On my mind is the elusive topic of why some people get lots of help with their job search and others don’t.
Sure, some people are better networkers and do more to let people know they are out there. But I think there is something else going on, based on my own job search experience and that of so many clients and friends. I think it’s about the job seeker’s attitude.
Some job seekers are angry that they have to look for a job. Some are terrified that they won’t ever get another job. Some feel useless and left behind. Some are bitter that the process is taking so long. Some feel out of date and intimidated by new technology and skills. And others have given up and are depressed, discouraged, and hopeless.
These are the people who get the least help, in my experience.
Then there are those people who are confident they will get a job right for them. They are grateful for help they get. They know they are taking the right steps and have active hope that it will all pay off in the end. They are building relationships with other people as they network, and seeing how they might be of use to others. They are volunteering for charity in order to feel useful and keep their “works well with others” skills current. They may take a course on-line or find free courses to learn new skills.
These are the people who get the most help with their job search.
What interests me about this second group is that every one of them I’ve talked to also has the feelings of anger, bitterness, fear, despair, uselessness, intimidation, and hopelessness. So I’m not saying you shouldn’t have those feelings. It’s ridiculous to think you won’t. And only natural and expected that you will. I know: I’ve been in my own job searches and am intimately familiar with every single one of these feelings.
It’s what you do with these feelings that matters.
I find that people who actively acknowledge those feelings are the very ones who can put them into proper perspective and not let their feelings direct their job search.
I know it’s really difficult to shift your attitude. It’s important to do so for a couple of reasons:
- you’ll feel better;
- people pick up on your attitude in a nanosecond.
Remember we’re animals, too. So we can sniff out anything that may be in the least bit threatening to our survival. And humans have an amazing ability to pick it up in written communications as well as verbal.
A colleague of mine and I used to check each others’ emails for the “bi***-o-meter” rating, and then take out anything that could be construed as having a bad attitude or expecting anything but love and support from the other person/people.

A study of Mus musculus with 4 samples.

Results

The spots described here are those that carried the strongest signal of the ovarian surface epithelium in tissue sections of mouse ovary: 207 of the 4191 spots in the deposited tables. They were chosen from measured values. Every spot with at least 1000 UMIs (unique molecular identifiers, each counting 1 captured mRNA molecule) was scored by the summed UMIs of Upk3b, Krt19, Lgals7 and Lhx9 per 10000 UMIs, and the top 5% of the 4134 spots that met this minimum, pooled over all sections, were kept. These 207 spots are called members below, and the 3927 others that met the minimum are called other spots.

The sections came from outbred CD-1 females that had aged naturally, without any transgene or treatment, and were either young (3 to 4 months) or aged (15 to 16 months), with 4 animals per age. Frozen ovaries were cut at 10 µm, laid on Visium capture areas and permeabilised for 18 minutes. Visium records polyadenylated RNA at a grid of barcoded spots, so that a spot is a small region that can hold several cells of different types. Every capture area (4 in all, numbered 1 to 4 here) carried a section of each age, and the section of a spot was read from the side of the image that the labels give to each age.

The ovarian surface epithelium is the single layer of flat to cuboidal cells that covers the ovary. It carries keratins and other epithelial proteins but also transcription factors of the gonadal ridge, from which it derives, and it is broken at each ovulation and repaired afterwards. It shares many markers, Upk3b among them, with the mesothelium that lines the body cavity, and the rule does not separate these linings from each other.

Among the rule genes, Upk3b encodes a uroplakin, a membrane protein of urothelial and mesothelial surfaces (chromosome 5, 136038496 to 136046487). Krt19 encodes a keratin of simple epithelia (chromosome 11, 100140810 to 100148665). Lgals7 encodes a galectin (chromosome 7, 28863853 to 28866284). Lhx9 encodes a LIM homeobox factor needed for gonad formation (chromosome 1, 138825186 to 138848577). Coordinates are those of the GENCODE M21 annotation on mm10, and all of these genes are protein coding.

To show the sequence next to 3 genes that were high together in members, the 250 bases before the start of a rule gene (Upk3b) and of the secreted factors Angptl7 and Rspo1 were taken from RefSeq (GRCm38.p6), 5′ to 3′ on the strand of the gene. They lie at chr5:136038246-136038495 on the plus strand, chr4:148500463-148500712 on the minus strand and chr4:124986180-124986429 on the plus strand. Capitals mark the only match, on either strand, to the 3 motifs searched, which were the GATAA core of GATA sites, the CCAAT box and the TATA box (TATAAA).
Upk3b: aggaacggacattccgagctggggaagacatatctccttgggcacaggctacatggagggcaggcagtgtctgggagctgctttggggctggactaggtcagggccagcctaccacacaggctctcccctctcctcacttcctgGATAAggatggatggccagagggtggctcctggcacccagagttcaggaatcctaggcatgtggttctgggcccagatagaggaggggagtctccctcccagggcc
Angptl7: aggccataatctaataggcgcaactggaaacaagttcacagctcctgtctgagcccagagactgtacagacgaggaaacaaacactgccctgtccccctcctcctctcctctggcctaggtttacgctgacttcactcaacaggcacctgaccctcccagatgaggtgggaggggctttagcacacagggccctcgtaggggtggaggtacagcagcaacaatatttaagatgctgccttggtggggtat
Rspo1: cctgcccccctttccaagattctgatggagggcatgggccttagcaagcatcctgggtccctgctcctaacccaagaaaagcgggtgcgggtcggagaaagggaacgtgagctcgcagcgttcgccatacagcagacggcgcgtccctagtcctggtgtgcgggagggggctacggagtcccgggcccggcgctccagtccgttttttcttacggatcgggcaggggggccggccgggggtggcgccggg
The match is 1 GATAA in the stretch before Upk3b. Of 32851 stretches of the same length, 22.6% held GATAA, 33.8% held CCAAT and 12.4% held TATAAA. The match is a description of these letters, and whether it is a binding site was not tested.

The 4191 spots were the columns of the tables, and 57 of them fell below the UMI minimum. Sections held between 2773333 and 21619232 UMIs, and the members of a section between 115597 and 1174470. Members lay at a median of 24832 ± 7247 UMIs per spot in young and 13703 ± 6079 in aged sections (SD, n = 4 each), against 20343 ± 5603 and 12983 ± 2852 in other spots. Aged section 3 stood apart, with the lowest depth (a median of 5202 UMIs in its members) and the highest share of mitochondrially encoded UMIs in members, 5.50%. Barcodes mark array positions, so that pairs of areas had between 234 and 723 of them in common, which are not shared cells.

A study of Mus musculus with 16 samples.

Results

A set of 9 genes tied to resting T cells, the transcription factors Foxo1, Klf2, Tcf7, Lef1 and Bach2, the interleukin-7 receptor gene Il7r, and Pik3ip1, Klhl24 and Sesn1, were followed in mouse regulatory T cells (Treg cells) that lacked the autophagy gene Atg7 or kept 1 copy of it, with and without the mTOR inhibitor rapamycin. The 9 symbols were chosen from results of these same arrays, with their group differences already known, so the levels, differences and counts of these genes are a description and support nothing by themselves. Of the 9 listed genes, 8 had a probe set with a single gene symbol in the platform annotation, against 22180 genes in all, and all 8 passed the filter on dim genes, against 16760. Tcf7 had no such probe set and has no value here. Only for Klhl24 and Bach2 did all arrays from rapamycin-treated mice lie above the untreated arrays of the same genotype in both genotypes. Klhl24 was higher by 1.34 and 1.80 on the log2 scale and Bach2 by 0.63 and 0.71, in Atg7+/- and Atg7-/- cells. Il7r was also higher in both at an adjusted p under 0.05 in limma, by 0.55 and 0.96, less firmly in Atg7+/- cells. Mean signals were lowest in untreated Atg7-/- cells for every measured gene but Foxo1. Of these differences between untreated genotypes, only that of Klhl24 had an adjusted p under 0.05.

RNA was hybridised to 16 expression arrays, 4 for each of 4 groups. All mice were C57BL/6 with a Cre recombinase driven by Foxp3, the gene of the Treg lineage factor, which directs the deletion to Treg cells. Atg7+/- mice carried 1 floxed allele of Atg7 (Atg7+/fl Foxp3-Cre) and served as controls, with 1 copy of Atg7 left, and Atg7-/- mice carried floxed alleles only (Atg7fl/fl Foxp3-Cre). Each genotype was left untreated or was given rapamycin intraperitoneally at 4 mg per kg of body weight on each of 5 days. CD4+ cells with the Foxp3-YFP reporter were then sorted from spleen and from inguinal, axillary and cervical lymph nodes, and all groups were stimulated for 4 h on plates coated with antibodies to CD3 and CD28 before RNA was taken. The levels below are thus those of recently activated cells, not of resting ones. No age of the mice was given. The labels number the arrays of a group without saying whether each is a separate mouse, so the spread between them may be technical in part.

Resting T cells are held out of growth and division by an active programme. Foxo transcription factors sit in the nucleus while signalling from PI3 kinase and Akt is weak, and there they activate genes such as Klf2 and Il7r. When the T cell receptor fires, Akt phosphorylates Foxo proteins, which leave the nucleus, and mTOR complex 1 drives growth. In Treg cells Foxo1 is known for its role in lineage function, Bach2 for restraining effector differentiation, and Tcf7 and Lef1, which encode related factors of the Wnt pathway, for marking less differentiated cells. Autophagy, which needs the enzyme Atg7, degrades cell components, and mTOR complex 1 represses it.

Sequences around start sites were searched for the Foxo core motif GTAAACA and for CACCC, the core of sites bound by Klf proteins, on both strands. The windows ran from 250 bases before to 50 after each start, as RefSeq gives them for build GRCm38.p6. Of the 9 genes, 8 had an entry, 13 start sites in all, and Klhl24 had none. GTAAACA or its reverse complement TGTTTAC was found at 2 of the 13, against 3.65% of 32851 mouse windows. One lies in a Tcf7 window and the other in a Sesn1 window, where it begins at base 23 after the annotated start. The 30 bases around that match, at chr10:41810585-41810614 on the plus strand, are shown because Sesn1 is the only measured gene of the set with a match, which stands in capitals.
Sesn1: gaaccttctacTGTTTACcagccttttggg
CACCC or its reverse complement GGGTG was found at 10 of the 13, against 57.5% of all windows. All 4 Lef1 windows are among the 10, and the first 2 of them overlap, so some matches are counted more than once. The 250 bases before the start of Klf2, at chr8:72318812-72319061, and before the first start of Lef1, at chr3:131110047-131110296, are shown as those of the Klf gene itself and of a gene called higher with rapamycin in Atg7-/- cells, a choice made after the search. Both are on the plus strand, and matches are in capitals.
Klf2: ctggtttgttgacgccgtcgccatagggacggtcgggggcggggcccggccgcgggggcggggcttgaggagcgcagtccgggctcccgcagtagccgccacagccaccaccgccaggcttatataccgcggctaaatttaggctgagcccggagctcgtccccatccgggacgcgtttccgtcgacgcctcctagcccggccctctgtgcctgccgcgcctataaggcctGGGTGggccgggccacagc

The reality is that if you’re bitter, people think “she/he is not entitled to anything; who do they think they are?” and their backs get up and they just take umbrage at even thinking about helping you. Likewise with desperation. They think “what is the matter with this person? Why are they picking on me? I don’t have anything for them. This is scary!”
The only attitudes people like are positivity, helpfulness, gratitude and respect.
- When you ask for their help because they are so awesome, they’re flattered and want to help – usually. And if not, move on to the next one.
- When you say “I’m looking for a place that can use my talents, where I can help them reach their goals and feel like part of a bigger team” they think, “this guy knows what he wants and it’s not all about him either. Let’s see, who do I know?”
- When you say “I know you’re busy, and it’s because you’re so connected that I hope you can give me some advice and guidance on my job search” they think, “he gets me, maybe I can spare a little time to find out what this guy’s about and see if it’s worth passing him on to someone else.”
- When you say “Thank you so much for all you’ve done, I really appreciate your help and couldn’t have done it without you,” they think “wow! what a great guy. That feels good. Maybe this networking thing is OK after all.”
- And when you say, “What can I do for you now?” that cements the relationship because how many people get asked what kind of help they need, instead of what help they can give? You’ll stand out among a sea of people who want more, more, more.
Here’s the truth: you ARE an incredible person who has great skills and the capacity to be positive. Your fear doesn’t need to get in the way of you being as open, genuine, and friendly as you are. You’re terrific – your fear tells you otherwise. Don’t let it rule you!
So this is the hard work for job seekers. Believe me, I know how hard it is. And how necessary to make this choice every day. It will grow to be a habit to look for the small really good things that happen and quickly pass by the more common not-so-good things. It is only a matter of time then that you will find that “right fit” job for you.